Now that science finally has the tools to test whether or not meditation actually works, people want to know what meditation can do for them. If you’ve kept up with my blog at all, then you probably already know what meditation can do for you, but just in case you don’t, here is a quick rundown:
- Meditation can reduce your stress and anxiety
- It can increase focus, concentration, and creativity
- It can improve your mood and help you function better at school and work
So, there are just a few examples. In light of those facts, many individuals and organizations are turning to meditation to give them or their members a competitive edge. For example, students who are taught meditation at school are getting better grades and performing better on tests. That’s great news, indeed, but it concerns me that at some point in the near future we might let the results interfere with the process, so to speak.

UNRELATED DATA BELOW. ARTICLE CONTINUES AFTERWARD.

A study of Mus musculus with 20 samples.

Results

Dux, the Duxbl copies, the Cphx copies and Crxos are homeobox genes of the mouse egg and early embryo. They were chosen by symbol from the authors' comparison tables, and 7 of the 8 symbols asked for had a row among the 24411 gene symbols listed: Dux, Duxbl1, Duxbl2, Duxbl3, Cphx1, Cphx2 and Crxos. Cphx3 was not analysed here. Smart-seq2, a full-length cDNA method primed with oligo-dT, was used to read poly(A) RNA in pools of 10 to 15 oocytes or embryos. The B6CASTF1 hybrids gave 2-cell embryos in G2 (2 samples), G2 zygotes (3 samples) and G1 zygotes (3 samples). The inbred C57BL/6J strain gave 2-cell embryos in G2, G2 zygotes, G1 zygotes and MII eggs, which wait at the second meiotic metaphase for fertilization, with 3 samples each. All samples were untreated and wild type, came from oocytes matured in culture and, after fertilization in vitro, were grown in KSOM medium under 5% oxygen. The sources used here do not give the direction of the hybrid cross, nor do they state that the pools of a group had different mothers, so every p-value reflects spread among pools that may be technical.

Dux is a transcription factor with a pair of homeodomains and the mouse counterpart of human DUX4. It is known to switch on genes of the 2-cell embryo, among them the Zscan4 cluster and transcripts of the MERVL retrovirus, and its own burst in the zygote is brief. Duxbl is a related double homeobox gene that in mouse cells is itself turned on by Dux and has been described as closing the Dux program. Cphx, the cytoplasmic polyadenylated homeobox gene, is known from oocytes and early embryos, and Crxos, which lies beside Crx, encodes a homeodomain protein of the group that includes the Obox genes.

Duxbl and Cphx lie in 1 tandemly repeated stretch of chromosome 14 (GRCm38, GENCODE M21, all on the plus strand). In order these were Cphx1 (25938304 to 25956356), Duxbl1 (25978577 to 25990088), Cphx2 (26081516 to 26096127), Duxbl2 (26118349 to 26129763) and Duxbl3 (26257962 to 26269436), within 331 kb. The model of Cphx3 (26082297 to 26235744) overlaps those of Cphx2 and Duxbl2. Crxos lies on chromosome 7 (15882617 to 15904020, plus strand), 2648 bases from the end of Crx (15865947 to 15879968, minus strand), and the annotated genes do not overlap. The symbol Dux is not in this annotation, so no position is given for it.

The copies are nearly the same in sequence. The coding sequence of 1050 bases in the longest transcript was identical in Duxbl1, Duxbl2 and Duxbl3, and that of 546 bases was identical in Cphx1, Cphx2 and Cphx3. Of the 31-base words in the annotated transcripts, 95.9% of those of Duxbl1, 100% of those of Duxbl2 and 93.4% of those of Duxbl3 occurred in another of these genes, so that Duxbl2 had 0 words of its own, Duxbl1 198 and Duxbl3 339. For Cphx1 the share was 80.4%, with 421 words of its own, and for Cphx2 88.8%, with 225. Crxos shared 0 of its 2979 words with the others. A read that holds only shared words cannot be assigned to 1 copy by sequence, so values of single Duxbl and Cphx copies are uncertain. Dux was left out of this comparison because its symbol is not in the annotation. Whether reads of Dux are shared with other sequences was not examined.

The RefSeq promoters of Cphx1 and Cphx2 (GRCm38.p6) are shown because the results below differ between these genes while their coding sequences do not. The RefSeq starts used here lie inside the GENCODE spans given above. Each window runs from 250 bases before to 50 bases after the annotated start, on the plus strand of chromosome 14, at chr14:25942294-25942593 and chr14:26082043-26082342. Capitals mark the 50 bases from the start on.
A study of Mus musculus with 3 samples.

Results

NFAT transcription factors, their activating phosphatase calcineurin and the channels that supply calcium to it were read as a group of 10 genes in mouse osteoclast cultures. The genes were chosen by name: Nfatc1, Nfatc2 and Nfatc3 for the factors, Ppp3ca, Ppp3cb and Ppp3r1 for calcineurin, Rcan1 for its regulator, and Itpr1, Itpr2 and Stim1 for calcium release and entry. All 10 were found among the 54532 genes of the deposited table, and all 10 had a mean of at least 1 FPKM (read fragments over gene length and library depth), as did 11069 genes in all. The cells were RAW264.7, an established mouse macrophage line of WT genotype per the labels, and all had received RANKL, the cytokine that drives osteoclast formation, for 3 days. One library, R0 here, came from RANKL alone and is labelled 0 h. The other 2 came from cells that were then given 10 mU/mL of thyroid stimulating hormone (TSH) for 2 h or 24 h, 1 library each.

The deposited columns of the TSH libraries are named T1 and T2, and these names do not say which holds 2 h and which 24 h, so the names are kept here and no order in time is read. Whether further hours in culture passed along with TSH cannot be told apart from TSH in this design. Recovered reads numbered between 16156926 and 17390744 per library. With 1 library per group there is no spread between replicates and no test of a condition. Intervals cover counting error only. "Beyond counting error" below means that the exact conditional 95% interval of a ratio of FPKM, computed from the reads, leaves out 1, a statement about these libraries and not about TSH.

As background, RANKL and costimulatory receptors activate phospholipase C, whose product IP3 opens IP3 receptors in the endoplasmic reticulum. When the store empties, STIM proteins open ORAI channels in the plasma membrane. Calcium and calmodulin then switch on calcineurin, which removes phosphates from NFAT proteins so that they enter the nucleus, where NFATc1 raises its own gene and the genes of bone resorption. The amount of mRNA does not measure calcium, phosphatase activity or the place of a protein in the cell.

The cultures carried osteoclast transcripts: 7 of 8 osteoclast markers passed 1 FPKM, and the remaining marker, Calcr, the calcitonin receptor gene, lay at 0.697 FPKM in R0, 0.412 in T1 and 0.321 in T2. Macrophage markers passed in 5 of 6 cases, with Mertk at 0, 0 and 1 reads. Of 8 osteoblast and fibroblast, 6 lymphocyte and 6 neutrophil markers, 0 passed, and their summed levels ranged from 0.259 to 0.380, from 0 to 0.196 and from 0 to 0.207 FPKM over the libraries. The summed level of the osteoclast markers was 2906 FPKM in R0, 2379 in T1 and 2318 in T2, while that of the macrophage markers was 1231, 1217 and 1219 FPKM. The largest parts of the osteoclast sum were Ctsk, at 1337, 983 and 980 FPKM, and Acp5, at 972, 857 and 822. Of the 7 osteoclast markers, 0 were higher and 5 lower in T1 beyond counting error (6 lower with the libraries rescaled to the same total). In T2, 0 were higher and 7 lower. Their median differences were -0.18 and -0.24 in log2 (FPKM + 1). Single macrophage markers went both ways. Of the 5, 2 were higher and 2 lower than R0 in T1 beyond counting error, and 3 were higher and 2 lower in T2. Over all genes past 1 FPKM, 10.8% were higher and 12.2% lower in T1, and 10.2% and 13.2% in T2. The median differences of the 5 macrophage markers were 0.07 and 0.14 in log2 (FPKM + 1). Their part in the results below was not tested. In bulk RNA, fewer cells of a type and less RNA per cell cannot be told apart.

Meditation was not developed for the sole purpose of increasing test scores or winning football games. It’s wonderful that it can help people in those ways, but using meditation solely to gain a competitive edge is missing the point of meditation completely. There is another benefit of meditation that I haven’t mentioned yet, but now would be a good time: Meditation can increase your overall compassion.
You see, the point of meditation is to have more compassion for everything around you. While it’s great that science is uncovering all the possibilities meditation has to offer, I am concerned that people may start to focus too much on the gains, and how they can use those gains to push themselves ahead while they leave others behind.
We’re always told that “winning is not everything,” but it’s so seldom that we actually see any real world examples of winning not being the most important thing in our society. Hopefully, as meditation continues to gain popularity in the west, it will not become another thing we only care about if it helps us win.